Santa Clara Co Cal
Milpitas April 5th, 1861
For some weeks past, nothing of special interest has transpired worth writing about. The farming community were busy putting in their crops, and the townspeople in their usual way traded, gossiped, dabbled in politics, drank whiskey, and discussed the weather.
The three first weeks of March we were favored with fine, warm clear spring weather ae the most fastidious could wish. The fruit trees bloomed, and leaved out, the green grasses grew at the rate of something less than a foot per day, heavenly hued flowers gently breathed their fragrant perfumes upon the balmy air, and the millions of gay little birds, merrily skipped about, trilling from their jolly little throats, tuneful praises on the beauties of Nature. On the 27th, however, there was a great change. A heavy south east storm with violent winds, followed by a deluge of rain, raged in full fury. During the after noon and night of the 27th the rains just poured down, steadily, and without in - termission. When I first arrived in California I was struck with wonder at the singular depth of the ravines and water courses. Every little stream of water that in the fall would hardly suffice to quench the thirst of a stray dog, had a wide bed, and square, steep banks of the most unreasonable proportions. But after seeing a few specimens of the winter rains and floods, I wondered no longer.
On the 28th every ravine from the mountains on both sides of the valley were roaring and foaming with volumes of water and dashing in furious muddiness down towards the Guadalupe and the Coyote, the two creeks or rivers that run down through the valley, and empty into the head of San Francisco bay. The Guadalupe, was much swollen but the Coyote was much more so. In the afternoon the Coyote rose over its banks, and immdated the country for several miles on each side, down towards its mouth. It flooded across into the Guadalupe, and overflowed the town of Alviso, considerable damage was done to the crops by the sand and drift wood being deposited upon the fields. Fencing was taken away by the wholesale, and many hogs were drowned. But few cattle were lost, as they were got out of the way in time. A horse, saddled and bridled, came floating down. He was dead. Where he came from or who his rider was is not known. If the rider had not been drowned also, he should have been heard from by this time. Perhaps in trying to ford the stream, they were swept away. Many a man has thus been lost track of here in California, and never again heard from. No such overflow has been known since the winter of '52. During the night, as no more rain fell, the waters subsided and the next day, gradually resumed their former channel. The difficulties which have so long existed here in relation to Spanish land grants, instead of becoming settled have become more and more complicated. Very few of these claims have as yet been finally settled and disposed of, but nearly all are yet pending before the courts, in some shape or other. Very many of them are known to be fraudulent, and will eventually be proven to be so, but meanwhile, the law permits them to bring suit against the settlers upon them and eject them. The consequence is that the settlers in all parts of the Valley have been harassed by a set of thieving land grabbers.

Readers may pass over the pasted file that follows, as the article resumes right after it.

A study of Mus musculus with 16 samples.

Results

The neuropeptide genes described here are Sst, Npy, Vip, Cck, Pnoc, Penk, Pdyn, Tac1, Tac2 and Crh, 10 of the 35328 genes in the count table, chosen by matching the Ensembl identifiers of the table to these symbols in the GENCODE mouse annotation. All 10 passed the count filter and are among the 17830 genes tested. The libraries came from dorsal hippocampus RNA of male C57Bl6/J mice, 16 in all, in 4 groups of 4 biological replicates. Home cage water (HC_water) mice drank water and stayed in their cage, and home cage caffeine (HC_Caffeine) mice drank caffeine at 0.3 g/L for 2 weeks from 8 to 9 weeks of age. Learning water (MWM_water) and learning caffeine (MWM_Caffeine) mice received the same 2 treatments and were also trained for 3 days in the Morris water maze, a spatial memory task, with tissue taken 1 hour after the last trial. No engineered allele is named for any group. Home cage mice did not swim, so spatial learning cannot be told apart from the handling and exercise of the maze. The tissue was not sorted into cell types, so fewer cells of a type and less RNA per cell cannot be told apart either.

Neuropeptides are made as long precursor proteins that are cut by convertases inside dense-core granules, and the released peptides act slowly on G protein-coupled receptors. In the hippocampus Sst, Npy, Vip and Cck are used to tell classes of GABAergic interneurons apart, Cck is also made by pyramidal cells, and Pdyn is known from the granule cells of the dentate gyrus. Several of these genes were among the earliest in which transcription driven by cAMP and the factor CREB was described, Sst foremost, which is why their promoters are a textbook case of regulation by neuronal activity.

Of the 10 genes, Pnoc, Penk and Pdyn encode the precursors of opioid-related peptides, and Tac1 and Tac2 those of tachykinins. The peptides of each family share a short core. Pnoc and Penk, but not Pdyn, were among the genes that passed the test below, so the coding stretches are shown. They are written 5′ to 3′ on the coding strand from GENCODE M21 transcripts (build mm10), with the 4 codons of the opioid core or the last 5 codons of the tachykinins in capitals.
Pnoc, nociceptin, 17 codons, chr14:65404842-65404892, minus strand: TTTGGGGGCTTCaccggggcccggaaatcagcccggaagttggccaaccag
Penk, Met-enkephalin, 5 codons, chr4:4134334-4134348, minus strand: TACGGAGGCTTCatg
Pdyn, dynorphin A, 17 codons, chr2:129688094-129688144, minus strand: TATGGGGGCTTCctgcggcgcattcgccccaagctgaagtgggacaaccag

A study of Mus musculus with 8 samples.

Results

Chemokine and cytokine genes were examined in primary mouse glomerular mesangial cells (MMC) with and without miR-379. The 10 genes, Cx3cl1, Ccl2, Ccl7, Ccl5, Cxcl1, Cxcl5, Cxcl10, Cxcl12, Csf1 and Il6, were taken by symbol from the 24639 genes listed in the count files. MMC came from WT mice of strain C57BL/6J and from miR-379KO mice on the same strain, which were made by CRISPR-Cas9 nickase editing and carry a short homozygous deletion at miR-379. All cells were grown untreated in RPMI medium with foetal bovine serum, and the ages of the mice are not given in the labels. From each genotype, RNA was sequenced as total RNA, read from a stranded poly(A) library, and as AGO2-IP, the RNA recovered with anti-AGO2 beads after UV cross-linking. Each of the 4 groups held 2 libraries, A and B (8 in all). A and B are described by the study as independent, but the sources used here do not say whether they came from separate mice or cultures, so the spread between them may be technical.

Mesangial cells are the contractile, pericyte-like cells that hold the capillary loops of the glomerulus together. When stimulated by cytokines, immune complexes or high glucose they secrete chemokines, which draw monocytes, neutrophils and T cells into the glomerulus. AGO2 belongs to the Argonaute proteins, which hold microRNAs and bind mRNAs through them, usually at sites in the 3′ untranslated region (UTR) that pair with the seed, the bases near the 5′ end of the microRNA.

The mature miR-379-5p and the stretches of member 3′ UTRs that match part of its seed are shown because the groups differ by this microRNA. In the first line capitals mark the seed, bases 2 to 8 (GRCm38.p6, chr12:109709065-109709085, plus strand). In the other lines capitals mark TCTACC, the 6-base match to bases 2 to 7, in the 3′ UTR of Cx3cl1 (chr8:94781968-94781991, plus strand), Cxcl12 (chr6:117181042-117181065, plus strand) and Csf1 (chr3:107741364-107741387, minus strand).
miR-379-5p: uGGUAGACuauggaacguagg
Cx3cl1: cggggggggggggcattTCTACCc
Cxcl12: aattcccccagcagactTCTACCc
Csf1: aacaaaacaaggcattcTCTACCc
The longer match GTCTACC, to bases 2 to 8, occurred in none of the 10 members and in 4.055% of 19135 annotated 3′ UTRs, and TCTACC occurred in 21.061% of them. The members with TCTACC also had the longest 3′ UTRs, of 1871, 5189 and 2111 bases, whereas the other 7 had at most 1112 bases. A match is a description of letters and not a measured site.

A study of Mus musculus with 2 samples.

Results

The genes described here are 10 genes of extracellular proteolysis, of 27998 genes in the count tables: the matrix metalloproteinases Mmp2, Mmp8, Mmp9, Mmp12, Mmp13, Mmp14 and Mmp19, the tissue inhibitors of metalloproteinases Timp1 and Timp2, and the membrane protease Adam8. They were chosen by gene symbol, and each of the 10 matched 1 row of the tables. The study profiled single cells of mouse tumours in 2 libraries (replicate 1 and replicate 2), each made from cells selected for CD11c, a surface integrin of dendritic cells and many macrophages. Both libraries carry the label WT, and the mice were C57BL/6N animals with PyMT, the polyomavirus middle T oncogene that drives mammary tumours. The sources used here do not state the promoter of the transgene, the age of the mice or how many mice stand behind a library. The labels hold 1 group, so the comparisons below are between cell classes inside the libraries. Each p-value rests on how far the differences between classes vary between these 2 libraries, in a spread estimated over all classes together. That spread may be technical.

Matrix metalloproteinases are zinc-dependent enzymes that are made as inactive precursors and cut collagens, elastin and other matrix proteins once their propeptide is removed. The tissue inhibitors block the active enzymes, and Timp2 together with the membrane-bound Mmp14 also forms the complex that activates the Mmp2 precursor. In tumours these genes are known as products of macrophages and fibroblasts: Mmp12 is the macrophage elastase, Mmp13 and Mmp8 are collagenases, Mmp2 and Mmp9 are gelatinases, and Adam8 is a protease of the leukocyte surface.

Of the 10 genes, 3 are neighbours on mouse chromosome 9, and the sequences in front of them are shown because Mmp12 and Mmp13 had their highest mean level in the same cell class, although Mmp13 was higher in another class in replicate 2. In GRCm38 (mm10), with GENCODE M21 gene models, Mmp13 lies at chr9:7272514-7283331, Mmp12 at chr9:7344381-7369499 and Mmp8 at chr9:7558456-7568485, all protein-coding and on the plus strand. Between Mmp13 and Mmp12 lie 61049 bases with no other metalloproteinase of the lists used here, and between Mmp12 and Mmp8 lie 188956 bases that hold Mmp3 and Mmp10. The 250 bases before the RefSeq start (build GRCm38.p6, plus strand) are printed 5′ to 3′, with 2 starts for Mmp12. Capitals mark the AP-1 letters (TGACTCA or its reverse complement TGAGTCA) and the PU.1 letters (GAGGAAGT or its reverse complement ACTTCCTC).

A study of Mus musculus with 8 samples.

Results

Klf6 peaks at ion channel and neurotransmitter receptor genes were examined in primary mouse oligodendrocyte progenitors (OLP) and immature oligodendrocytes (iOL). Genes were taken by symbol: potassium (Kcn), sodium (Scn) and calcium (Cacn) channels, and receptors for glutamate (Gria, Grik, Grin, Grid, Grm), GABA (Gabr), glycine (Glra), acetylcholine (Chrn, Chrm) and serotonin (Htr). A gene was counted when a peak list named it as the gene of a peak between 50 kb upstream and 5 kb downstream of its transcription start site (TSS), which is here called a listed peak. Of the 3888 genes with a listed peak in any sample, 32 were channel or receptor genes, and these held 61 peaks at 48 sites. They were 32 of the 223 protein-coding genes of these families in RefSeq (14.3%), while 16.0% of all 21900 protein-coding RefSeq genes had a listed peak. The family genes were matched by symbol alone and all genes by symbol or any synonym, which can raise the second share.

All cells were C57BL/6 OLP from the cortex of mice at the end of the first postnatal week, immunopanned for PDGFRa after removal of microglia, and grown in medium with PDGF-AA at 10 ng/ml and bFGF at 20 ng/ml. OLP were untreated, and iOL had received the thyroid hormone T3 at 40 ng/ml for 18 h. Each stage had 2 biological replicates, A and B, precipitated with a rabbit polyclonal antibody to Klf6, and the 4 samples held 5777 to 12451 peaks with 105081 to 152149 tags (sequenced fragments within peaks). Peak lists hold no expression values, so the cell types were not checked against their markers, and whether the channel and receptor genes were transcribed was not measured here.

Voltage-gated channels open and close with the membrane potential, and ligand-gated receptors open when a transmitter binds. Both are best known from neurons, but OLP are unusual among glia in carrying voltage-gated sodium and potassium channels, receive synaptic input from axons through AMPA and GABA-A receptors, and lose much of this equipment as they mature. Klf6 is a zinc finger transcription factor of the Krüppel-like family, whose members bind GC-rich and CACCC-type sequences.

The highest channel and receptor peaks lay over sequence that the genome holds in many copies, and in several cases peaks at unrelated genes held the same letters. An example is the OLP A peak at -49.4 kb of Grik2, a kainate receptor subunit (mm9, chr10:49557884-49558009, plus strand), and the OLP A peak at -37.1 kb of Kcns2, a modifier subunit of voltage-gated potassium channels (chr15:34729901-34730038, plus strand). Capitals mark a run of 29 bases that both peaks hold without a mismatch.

They have been forced into lawsuits, their lands taken from them, the homes they have occupied and improved for years, broken up and destroyed, and they driven about until at last by degrees they have been forced to form themselves into a combination to resist any farther aggression on the part of these legal land-sharks. There, at Evergree, Mountain View, Gilroy, McCartysville, and several other points the settlers are organized into armed companies.
The settlers on the Chabolla (Chavoya) Grant some five or six miles from here, are at the present being considerably stirred up. This grant is known to be fraudulent, and is, like the others, still pending before the courts, but meanwhile the lawyers connected with it have brought suit, and procured a writ of ejectment against the settlers. A few days ago Deputy Sheriff Mclume, lawyer Matthews, and one or two others, rode out there from San Jose in a buggy, to serve the writ, and dispossess the settlers. They were met by a small armed party of those they came to eject, and ordered at the peril of their lives to go no farther. Their revolvers were taken from them, and they were escorted back to town, where their weapons were politely returned to them.
The sheriff of course, although thus resisted has his duty to perform, and has therefore for the last two or three days been busy summoning every one he can come across, to serve on a posse to assist him in executing the writ on Tuesday next, April 10th. He has already summoned a thousand or more, settlers, merchants, lawyers, doctors, bummers, grant holders, or anything else. The settlers are well prepared to resist and will be reinforced from all quarters in that day.
The sympathy of the people generally, is in their favor, and if there is any fighting done, the sheriff's adherents will get badly used up. But there will be no fighting, as nearly the whole of the posse which the Sheriff has summoned, is composed nescessarily of settlers and those who sympathize with them. This makes no difference however with the sheriff. He is obliged by law, to exhaust his powers in his own county first, and not being able otherwise to execute the writ, can then call on the Governor for assistance.
After the great battle has been fought, I will give you an account of it, together with a list of the killed, and wounded, and the number of scalps taken, that is to say if I am not killed too, for I intend to be "thar.”